A type 2 diabetes diagnosis doesn’t mean you’re a failure, but sometimes, you may feel that way. Those feelings may get stronger if you develop a complication like heart disease.
Despite decades of studies that say otherwise, many people still believe the myths that obesity is the sole cause of type 2, and that heart disease means you didn’t manage your diabetes correctly.
I should have ... I wish I’d ... Why didn’t I just ...
Sound familiar? It’s common to wish you could go back and do things differently. But it’s best not to blame yourself. Here’s why:
Diabetes is a progressive disease. From the outside looking in, type 2 diabetes seems like something you can fully control. But even if you lose weight, eat healthy foods, exercise regularly, and monitor your blood sugar, there’s no way to guarantee your condition will stay the same.
The longer you have diabetes, the more damage high blood glucose causes to the blood vessels and nerves around your heart and throughout your body. That doesn’t mean everyone with type 2 will get heart disease, but damage to your heart is one of the paths this condition can take. And often, diabetes causes damage to your heart early on.
Genes play a role. You didn’t choose your genes; you were born with them. And some make you more prone to diabetes than others. Though diet and exercise are factors in the condition, a family history of type 2 raises your odds of having it. Ask yourself this: If your genes made you more likely to get cancer and you received a diagnosis, would you blame yourself for that?
It’s not helpful. Like everything else in life, there are things you can change and things you can’t. Focus on the ways you can take care of yourself today without letting guilt cloud your outlook.
How Feelings Factor In
Your mental health affects your physical health. No matter how much logic you throw at feelings, they tend to linger until you deal with them. Here’s a guide to help move through feelings of failure when you’re ready:
Grieve. Whether you’re adjusting to type 2 or a heart disease diagnosis, your life looks different than it did before. It’s OK to grieve the loss of life without these issues. In fact, it’s often a necessary step before you can accept your condition and move forward.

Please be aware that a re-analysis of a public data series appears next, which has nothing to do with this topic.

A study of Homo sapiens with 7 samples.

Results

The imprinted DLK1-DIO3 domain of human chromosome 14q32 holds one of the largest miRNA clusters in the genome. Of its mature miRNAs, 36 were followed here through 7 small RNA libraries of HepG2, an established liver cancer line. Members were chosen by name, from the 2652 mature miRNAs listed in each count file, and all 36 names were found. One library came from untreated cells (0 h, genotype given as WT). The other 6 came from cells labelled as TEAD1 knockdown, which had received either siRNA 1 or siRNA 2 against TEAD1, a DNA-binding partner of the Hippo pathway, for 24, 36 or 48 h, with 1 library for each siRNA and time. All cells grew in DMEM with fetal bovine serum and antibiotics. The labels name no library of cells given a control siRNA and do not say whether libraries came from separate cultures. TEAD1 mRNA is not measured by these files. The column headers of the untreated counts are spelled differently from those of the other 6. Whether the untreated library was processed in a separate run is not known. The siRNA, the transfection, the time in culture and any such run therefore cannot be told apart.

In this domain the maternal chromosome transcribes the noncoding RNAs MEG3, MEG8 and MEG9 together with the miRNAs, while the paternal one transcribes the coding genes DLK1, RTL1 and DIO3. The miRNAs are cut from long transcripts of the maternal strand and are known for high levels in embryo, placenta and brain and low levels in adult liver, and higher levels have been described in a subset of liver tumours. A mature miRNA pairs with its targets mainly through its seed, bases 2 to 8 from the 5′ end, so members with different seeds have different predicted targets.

Jot it down. Take the time to notice your thoughts. When you feel guilty about your diabetes or heart disease, write down where you are, who’s around, and what’s happening. Rate it on a scale of 1 to 10. After a while, you may begin to notice a pattern you can adjust to avoid negative thoughts.
Practice positive self-talk. The way you think has a big impact on how you feel. Speak kindly to yourself when you feel guilty. Use inspirational quotes or affirmations to replace negative thoughts with positive ones.
Set (and crush) goals. It’s hard to feel like a failure when you do your best. Choose something you can accomplish, like 20 minutes of exercise every day for a week. Share your wins with others and celebrate yourself in healthy ways.
Have a plan. Have a few go-to tactics in your back pocket for when guilt -- or other feelings like anger -- pop up. Take a few deep breaths, walk away, or change the channel in your brain until you’re calm enough to deal with what’s in front of you. If you need extra help figuring out how to handle these moments, a health coach can talk to you about ways to get through them.
Spot depression early. Diabetes is a 24/7 job, and it’s natural to feel burned out by the time and energy it takes to keep up. If you notice any of the following, talk to your doctor:
- Appetite changes
- Loss of interest in things and people you enjoy
- Lack of energy
- Trouble focusing
- Thinking of harming yourself
Seek support. It helps to connect with others who know what life with type 2 is all about. In addition to your family, friends, and health care team, try online or in-person support groups. If you’re seeking one-on-one help, think about talking to a therapist or counselor.